There have been tears shed around the Tennessee women's basketball program over the past year and a half that have come from sadness and even fear as the great Pat Summitt faced an insidious illness.
But through it all, the program that has been so much a standard-bearer for women's college athletics has vowed to keep things as upbeat and positive as possible. So when Holly Warlick -- Summitt's longtime assistant who was elevated to head coach this spring -- found herself getting watery-eyed in October, she smiled, too. Because in this case, these actually were welcome tears of happiness.
"When that buzzer went off," Warlick said, "I cried."
She was referring to the end of Game 4 of the WNBA Finals on Oct. 21. Tamika Catchings, the former Tennessee star who is still so closely associated with her alma mater, had just won her first WNBA title with the Indiana Fever.
"Tamika is such a special person in my life, and I was so, so happy for her," said Warlick, who helped recruit Catchings to Tennessee in the 1990s. "I know how hard that kid works. You don't always win championships just because you work hard, but that kid has put in the time. I was thrilled for her. I know the commitment she's made to basketball."
Warlick herself has made the same commitment; she has pretty much given her life to basketball, specifically Lady Vols basketball. A native of Knoxville, Tenn., who played for Summitt from 1976 to '80, then returned to Tennessee after four years elsewhere as an assistant coach, Warlick now is in a new role for a program she knows so well.
Which is part of what we'll explore this season as we take a Total Access look at Tennessee: the eight-time NCAA champion that has been in transition since Summitt announced in August 2011 that she has early-onset dementia.
On alternate weeks here at espnW during the 2012-13 season, we will give you an inside look at the Lady Vols that is not so much X's and O's, but the nuts and bolts of the people and personalities that make up the Tennessee program. Much as espnW's Michelle Smith did last season in a Total Access with Stanford, we want to present the many sides of Tennessee women's basketball.
With five seniors having departed, a different makeup to the coaching staff and a young squad with eight freshmen/sophomores, it's a new era for Tennessee.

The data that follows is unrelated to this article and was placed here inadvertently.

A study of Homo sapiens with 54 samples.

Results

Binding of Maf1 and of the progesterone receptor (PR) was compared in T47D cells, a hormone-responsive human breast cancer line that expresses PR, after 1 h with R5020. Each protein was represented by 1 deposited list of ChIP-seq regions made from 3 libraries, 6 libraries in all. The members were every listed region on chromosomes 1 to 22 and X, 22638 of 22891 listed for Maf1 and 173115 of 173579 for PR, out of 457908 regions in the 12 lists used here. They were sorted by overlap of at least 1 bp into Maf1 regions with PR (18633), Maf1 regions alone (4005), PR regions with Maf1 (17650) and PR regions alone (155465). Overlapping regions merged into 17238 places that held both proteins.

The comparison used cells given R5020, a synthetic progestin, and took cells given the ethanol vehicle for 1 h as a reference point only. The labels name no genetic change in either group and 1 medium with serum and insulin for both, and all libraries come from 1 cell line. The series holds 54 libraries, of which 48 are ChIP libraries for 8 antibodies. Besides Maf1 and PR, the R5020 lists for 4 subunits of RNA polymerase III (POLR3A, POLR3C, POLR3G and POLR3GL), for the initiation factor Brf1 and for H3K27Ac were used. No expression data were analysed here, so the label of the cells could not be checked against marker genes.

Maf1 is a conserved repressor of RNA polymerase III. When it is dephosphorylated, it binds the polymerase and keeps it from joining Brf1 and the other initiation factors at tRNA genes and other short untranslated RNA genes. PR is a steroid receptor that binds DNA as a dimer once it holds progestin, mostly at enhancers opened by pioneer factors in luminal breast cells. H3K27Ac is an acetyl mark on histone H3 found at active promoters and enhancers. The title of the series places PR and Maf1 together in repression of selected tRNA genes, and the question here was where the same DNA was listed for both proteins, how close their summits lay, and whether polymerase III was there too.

The Lady Vols, along with Connecticut, have been the two most heavily media-covered women's hoops programs over the past two decades. You might believe you've already heard every story about Tennessee. But what we want to show is where the Lady Vols are now, how they are dealing with the changes in their program and the sport in general, and where they are headed.
Summitt is in a head coach emeritus role and is still involved with the program. We'll get some of her insights as we look at Tennessee this season. Warlick and Dean Lockwood remain on the Tennessee staff, now joined by former Tennessee player Kyra Elzy, and Jolette Law, former head coach at Illinois.
"We're back to being crazy; it's a lot of fun to come in here," Warlick said of a Tennessee office that understandably was more subdued last season as everyone -- including Summitt -- adjusted to her illness. "We all have a lot of respect for each other. We're serious, but we can have fun here, too. We've got a great chemistry with each other. I'm sitting here with a big smile, because of how much I enjoy working with them. They are very comfortable telling me what they think, which I love.
"And Kyra, a former player here, is like me: She believes in this program, and it's in her blood. You can't fake that."
As we examine Tennessee throughout this season, we will try to capture that essence of a program that binds its alumni and fans so tightly to it. Is it about winning? Of course. But there's a lot more to it.